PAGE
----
COVID-19 eviction and foreclosure prevention legislation among the bills moving forward
Sacramento, CA--Three bills authored by Assemblymember David Chiu (D-San Francisco) cleared a crucial legislative hurdle today when they came off of the Senate Appropriations Committee’s suspense file. The bills would prevent evictions and foreclosures in the wake of COVID-19, compel the gun industry to adopt new safety features, and soften the impacts of board and care facility closures.
One of the priority bills to advance was Assembly Bill 1436, which would address the looming eviction and foreclosure crisis. As the economic fallout from COVID-19 leaves millions of Californians vulnerable, Assembly Bill 1436 would prevent evictions for non-payment of rent and grant struggling property owners mortgage forbearance.
“California is facing a tsunami of evictions and foreclosures if we do not act,” said Assemblymembers Chiu. “This bill is a balanced approach to ensure we avoid mass displacement and increased homelessness during the pandemic.”
An effort to reduce gun fatalities in California, Assembly Bill 2847, also passed the Senate Appropriations Committee today. The bill would strengthen the Unsafe Handgun Act (UHA) and open up the use of microstamping technology in order to solve firearm-related crimes.
“The only reason anyone would oppose these commonsense, crime-solving tools is if they want to get away with a crime,” said Assemblymember Chiu. “It is long past time that the gun industry incorporate these life-saving tools into their products.”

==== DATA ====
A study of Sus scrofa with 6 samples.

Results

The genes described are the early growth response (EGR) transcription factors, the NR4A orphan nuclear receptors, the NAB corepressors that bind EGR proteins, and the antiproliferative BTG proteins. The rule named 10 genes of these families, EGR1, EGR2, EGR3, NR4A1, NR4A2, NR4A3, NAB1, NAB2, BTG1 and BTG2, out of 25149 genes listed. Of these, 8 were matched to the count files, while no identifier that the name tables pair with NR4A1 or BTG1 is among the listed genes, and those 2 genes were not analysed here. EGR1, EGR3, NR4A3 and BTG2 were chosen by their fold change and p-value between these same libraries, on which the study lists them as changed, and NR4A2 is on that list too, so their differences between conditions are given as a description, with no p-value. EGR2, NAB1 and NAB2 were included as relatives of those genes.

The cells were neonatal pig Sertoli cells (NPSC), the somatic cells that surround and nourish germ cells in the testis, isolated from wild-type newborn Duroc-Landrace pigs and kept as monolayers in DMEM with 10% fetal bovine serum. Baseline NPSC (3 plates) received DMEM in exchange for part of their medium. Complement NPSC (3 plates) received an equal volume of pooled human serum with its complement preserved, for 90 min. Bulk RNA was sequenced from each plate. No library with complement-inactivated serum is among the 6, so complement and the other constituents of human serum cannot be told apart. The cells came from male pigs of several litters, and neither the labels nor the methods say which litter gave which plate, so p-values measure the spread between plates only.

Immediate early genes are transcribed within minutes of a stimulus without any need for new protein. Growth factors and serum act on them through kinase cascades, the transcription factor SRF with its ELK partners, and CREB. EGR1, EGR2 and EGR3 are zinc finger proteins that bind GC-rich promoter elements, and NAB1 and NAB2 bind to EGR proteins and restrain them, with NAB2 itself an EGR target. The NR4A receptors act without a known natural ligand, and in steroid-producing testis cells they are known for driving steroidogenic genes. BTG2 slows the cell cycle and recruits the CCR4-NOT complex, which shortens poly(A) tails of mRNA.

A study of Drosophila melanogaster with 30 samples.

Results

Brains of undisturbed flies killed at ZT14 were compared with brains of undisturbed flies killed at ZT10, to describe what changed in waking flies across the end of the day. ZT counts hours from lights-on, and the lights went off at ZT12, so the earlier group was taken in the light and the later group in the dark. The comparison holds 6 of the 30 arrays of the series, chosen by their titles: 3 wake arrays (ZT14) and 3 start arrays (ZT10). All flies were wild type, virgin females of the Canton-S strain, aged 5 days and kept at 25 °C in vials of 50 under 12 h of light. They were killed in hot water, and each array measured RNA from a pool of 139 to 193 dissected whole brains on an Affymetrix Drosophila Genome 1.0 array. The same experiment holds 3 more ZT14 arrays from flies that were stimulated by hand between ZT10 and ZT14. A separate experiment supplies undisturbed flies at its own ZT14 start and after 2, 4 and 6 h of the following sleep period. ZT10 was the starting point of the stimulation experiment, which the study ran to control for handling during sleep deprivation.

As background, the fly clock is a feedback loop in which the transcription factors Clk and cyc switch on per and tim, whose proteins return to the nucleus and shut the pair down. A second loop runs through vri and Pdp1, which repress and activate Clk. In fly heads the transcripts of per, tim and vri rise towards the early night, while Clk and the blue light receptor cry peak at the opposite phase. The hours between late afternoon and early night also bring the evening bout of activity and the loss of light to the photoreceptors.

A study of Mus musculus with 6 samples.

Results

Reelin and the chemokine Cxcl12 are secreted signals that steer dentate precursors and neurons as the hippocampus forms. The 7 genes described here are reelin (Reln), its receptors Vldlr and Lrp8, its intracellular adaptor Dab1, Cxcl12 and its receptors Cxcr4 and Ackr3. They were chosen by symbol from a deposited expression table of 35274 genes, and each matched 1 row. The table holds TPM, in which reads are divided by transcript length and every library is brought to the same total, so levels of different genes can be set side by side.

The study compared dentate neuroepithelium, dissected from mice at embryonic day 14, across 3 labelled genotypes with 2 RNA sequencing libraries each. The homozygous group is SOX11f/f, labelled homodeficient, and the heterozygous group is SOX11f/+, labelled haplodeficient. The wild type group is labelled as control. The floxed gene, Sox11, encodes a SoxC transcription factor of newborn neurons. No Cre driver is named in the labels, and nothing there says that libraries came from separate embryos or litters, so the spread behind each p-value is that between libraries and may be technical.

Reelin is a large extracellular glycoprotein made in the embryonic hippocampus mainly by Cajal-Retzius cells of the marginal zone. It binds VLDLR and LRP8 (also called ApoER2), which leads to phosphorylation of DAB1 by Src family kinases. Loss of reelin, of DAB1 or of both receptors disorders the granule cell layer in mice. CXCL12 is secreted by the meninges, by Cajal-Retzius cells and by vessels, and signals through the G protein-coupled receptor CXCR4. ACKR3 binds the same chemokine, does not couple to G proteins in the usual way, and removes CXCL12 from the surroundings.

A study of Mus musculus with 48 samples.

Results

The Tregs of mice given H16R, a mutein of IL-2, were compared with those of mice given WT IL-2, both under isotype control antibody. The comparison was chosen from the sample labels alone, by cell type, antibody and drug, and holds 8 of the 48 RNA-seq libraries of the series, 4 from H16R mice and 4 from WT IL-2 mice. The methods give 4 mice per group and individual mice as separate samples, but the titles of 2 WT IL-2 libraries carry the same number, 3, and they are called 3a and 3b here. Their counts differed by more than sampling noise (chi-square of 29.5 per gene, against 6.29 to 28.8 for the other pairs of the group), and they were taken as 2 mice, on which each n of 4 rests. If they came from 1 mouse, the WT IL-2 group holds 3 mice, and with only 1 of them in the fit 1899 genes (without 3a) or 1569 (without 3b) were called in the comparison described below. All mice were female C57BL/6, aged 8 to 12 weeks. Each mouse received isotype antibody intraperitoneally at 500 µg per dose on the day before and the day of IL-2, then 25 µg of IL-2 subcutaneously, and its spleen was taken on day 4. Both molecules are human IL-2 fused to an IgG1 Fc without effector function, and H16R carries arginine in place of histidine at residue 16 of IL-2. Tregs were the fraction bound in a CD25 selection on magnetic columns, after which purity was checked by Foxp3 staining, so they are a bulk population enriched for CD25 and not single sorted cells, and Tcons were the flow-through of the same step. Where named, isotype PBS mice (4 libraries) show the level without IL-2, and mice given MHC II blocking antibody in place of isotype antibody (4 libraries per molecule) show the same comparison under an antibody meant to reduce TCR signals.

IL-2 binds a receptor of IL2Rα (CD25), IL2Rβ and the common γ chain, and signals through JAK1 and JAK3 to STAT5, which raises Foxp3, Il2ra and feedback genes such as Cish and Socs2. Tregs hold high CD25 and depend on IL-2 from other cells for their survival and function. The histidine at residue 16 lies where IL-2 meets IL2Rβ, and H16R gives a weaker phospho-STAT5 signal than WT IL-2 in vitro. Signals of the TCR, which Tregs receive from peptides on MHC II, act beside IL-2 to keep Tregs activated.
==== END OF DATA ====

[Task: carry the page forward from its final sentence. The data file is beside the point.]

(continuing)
As Chair of the Assembly Housing and Community Development Committee, Assemblymember Chiu saw a key measure advance that would mitigate the impact of Adult Residential Facility (ARF) closures and help support residents at risk of homelessness. Assembly Bill 2377 would give local governments more tools to prevent ARF closures and would require ARF owners to give residents more time and help with relocation before a facility is allowed to close.
“In the wake of COVID-19, Adult Residential Facility closures will leave already vulnerable residents at risk of homelessness and harm our public health efforts,” said Assemblymember Chiu. “Giving cities more tools to stop these closures can go a long way towards ensuring residents are housed and are cared for.”
Assembly Bill 3040 and Assembly Bill 3269, which would have addressed California’s housing and homelessness crises, were held in the Senate Appropriations Committee today. AB 3040 would have increased housing production in California by giving local governments additional RHNA credits if they up-zone single-family parcels to allow four housing units per parcel by-right. AB 3269 would have required state and local governments to assess the necessary resources to address homelessness in California and create plans to reduce homelessness to functional zero by 2030.
“I am disappointed that these substantive, consensus measures will not move forward this year,” said Assemblymember Chiu. “We cannot let up on our efforts to address the housing and homelessness crises amidst this pandemic.”
AB 1436, AB 2847, and AB 2377 will now move on to the Senate Floor for votes next week.